As one of the leading Swedish conductors of his day, Stig Westerberg was best known for his decades-long work with the Swedish Radio Symphony Orchestra, and as chief conductor of the Malmö Symphony Orchestra, where he served for eight seasons. Not surprisingly, he was regarded as one of the finest interpreters and champions of Swedish orchestral music from the last half of the 20th century. Westerberg was quite active, in particular, in promoting the music of Stenhammar, Alfvén, Atterberg, Pettersson, and Karl-Birger Blomdahl. In fact, Westerberg was instrumental in making their music known beyond Swedish borders. That said, he was not single-minded in his choice of repertory: Westerberg conducted an array of works, from Dvorák and Saint-Saëns to Fauré and Milhaud. And he was unafraid to take chances: during his busy career he premiered more than 80 compositions, many of which he went on to record. Westerberg was music director of several Swedish orchestras and also guest-conducted numerous others both at home and abroad, including the Munich Philharmonic and the Ekaterinburg Philharmonic (Russia). Westerberg made countless recordings, with many still appearing from radio broadcasts. They are available from a variety of labels, including BIS, Danacord, EMI, Genesis Records, and Sterling.
Stig Westerberg was born in Malmö, Sweden, on November 26, 1918. From 1937-1942 he studied at the Royal Academy of Music in Stockholm. Among his conducting teachers there was Tor Mann, and later teachers included Paul Kletzki.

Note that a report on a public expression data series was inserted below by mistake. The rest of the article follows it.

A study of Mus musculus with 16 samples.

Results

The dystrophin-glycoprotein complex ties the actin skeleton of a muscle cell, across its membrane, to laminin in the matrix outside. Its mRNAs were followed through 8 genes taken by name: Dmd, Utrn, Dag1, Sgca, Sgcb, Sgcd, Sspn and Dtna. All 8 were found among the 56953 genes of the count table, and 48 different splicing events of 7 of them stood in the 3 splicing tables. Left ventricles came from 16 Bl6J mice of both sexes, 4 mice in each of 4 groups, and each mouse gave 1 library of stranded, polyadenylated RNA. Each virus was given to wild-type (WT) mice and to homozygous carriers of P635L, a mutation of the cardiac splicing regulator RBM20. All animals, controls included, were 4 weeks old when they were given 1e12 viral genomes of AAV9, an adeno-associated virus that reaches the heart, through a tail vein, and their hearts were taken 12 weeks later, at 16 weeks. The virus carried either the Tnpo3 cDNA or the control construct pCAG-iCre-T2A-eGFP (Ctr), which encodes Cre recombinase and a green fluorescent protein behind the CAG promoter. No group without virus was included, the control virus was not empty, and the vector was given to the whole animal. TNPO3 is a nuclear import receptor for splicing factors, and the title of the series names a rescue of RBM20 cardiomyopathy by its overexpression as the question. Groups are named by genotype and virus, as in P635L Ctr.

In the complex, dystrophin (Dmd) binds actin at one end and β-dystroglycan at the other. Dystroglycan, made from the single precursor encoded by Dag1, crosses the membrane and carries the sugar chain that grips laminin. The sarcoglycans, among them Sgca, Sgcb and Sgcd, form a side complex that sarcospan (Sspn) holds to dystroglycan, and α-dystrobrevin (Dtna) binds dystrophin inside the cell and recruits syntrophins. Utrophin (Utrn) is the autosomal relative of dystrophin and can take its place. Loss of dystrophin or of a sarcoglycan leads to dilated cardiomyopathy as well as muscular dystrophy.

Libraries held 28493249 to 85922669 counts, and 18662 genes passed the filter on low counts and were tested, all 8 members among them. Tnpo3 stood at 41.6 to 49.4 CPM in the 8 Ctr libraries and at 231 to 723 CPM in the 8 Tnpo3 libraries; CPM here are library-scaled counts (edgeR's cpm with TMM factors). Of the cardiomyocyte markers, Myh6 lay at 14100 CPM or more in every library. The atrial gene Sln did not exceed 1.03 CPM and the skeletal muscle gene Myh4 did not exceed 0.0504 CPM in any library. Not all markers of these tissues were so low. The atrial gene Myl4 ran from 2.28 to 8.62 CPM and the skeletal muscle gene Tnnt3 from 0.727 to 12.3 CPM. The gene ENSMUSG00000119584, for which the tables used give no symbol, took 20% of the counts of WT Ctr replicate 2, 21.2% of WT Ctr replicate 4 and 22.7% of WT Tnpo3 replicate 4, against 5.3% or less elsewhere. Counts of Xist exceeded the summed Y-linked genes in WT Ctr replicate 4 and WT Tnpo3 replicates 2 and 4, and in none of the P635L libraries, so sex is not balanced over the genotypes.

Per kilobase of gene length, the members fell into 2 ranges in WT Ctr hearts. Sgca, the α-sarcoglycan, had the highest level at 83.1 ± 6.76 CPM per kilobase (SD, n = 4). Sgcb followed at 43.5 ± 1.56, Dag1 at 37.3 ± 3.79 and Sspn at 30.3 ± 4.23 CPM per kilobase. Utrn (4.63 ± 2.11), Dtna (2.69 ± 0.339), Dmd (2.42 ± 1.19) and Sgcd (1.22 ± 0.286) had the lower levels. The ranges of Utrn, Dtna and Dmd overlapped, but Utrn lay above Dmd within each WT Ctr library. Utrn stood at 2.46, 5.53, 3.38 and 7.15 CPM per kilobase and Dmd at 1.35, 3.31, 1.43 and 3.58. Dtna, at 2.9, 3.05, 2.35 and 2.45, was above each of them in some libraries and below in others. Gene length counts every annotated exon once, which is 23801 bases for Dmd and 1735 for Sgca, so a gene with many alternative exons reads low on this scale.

Westerberg launched his career in opera, serving as repetiteur at the Royal Swedish Opera (1943-1946), where he would return as a conductor from 1953-1957. Westerberg held two minor conducting posts in the postwar era, the first at Stockholm's Oscarsteatern (1947-1948) and the next with the Gävle Symfoniorkester (1949-1953).
The Swedish Radio Symphony Orchestra was founded in 1965, and from around that time Westerberg, who never was music director of the SRSO, regularly conducted the ensemble over the next couple of decades, producing some of that orchestra's finest performances and recordings. Not surprisingly, most of Westerberg's recordings were made with the SRSO, including the highly praised 1985 Caprice recording of Blomdahl's outer space opera Aniara. Westerberg's last major post, held while he still worked regularly with the SRSO, was as chief conductor of the Malmö Symphony (1978-1985). Westerberg continued to guest-conduct in the latter years of his career and died in Lidingö, Sweden, on July 1, 1999.